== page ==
A Surprise in Morocco: The Valley of Roses
Before arriving in Morocco, my vision of what awaited me there mainly included scenes from its cities: The twisting side streets of the souks and large medinas like Marrakech’s Djemaa el-Fna, brimming with people and bubbling with spices and exotic scents.
But then I arrived in the Valley of Roses, six hours east of Marrakech by bus and more than a world away. Gone were the crowds and cramped spaces; in their place, the landscape opened up to reveal a beautiful, expansive gorge and dusty villages I couldn’t wait to explore.
Through the center of the valley flowed the M’Goun River, feeding wheat fields, groves of olive and fig trees, and endless hedges of rose bushes. And yet the hills rising high above the river seemed almost lunar, with only a few shrubs growing here and there among the striated stone.
I met a family in the valley one afternoon, who invited my friend Liz and I to join them beneath the shade of an almond tree. Over a single gas burner, they prepared a savory stew of lamb and vegetables, slowly adding thick chunks of turnips, cauliflower, onions, and potatoes. They offered us bottomless glasses of mint tea, sweetened with shards of sugar as large and pointed as daggers, and I was humbled by their kindness and by a hospitality I had never before experienced.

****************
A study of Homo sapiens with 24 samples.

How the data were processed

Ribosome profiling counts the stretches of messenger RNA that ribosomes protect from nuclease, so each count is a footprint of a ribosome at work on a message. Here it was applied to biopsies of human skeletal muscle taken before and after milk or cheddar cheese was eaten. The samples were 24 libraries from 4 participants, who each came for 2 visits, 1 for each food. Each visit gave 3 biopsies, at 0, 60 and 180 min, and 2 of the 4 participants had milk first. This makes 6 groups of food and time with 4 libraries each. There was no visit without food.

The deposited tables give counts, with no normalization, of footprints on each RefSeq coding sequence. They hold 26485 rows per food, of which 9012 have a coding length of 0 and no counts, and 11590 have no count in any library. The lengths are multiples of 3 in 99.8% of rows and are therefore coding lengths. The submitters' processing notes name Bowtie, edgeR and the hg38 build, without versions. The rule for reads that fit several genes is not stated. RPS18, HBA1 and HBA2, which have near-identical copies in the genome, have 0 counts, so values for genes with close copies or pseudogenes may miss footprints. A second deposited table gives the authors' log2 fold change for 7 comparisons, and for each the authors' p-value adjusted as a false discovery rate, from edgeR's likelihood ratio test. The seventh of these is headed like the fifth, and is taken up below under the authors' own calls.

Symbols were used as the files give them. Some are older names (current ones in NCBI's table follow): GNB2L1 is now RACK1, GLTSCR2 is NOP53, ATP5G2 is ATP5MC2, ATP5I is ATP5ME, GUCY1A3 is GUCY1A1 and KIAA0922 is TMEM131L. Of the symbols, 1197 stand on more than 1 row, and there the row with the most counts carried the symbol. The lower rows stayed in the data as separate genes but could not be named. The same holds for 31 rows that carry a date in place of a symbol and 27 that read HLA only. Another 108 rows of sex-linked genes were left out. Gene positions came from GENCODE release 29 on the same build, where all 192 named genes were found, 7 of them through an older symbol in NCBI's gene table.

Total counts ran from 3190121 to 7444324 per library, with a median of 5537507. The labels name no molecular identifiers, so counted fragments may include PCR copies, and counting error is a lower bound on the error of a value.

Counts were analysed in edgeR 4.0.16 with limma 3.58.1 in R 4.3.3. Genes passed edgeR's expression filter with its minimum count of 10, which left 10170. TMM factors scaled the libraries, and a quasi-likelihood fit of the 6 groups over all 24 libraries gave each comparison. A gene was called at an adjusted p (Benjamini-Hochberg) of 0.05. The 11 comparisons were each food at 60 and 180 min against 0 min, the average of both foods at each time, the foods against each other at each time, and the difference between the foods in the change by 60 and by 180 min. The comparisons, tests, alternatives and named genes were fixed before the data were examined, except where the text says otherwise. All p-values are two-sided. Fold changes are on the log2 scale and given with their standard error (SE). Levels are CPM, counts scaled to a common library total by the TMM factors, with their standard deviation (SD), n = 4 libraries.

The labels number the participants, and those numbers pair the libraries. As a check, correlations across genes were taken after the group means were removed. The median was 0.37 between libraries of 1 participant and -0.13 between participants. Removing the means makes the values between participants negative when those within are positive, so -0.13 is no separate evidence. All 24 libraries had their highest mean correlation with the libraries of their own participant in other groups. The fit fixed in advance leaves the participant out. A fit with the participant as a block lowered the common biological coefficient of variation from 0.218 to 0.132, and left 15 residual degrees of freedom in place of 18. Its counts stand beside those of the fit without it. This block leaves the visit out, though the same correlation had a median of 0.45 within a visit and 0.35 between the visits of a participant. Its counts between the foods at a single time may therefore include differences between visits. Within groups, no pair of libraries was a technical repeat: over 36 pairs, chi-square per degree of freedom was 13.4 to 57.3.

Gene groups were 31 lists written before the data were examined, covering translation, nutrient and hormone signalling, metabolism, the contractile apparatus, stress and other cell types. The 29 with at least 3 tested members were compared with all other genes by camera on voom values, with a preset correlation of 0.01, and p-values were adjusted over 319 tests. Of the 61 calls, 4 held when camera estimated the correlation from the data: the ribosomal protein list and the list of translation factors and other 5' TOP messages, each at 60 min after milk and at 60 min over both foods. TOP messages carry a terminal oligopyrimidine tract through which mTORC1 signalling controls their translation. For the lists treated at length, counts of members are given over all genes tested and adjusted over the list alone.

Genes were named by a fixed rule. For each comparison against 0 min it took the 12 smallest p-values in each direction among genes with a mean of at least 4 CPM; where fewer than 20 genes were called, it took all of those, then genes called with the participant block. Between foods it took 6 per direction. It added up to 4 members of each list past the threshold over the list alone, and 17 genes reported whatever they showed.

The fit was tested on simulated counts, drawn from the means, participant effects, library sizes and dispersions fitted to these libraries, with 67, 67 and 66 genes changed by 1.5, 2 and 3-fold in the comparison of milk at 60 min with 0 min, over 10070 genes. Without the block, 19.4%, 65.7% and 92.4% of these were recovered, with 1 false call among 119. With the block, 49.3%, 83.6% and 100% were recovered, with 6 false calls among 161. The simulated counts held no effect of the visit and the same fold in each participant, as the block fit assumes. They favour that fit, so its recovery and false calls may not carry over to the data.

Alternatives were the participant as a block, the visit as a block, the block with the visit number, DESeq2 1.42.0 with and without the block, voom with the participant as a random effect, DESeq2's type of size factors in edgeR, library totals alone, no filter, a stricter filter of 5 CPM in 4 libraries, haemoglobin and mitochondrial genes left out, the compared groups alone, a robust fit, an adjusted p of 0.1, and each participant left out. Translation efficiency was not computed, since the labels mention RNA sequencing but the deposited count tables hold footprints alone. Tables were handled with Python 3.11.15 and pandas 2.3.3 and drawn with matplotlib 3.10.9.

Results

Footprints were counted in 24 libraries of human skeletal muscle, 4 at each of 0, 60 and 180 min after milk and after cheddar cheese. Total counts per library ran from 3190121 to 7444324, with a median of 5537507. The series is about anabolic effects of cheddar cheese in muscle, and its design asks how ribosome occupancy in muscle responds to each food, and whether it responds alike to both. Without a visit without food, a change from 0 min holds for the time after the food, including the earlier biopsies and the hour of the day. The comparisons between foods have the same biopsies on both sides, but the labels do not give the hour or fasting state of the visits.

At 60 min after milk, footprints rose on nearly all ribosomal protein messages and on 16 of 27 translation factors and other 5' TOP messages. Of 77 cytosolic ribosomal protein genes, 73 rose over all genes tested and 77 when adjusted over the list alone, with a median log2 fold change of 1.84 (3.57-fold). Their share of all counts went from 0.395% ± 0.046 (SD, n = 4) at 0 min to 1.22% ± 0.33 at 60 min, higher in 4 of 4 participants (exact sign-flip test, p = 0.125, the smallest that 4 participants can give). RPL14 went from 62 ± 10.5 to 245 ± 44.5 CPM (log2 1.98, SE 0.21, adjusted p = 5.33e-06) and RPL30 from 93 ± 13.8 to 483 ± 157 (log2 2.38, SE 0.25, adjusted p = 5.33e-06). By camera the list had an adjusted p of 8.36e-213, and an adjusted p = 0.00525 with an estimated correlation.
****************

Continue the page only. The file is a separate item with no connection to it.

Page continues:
Liz left the following morning, and I spent my last afternoon in a village called Boutaghrar. I spread out my sketchbook and paints on a hotel rooftop and attempted to capture the scene before me.
It was a valley of contrasts–not only in and of itself, with its dry, ochre mountains juxtaposed against the verdant riverbed, but also in comparison to cities like Marrakech and Tangier.
It was a valley–and a people–I hadn’t expected to meet, and that had, to my deep delight, widened my world once again.
Candace Rose Rardon is a travel writer, photographer, and sketch artist with a passion for documenting the world. To learn more about her travels and creations, visit http://www.candaceroserardon.com.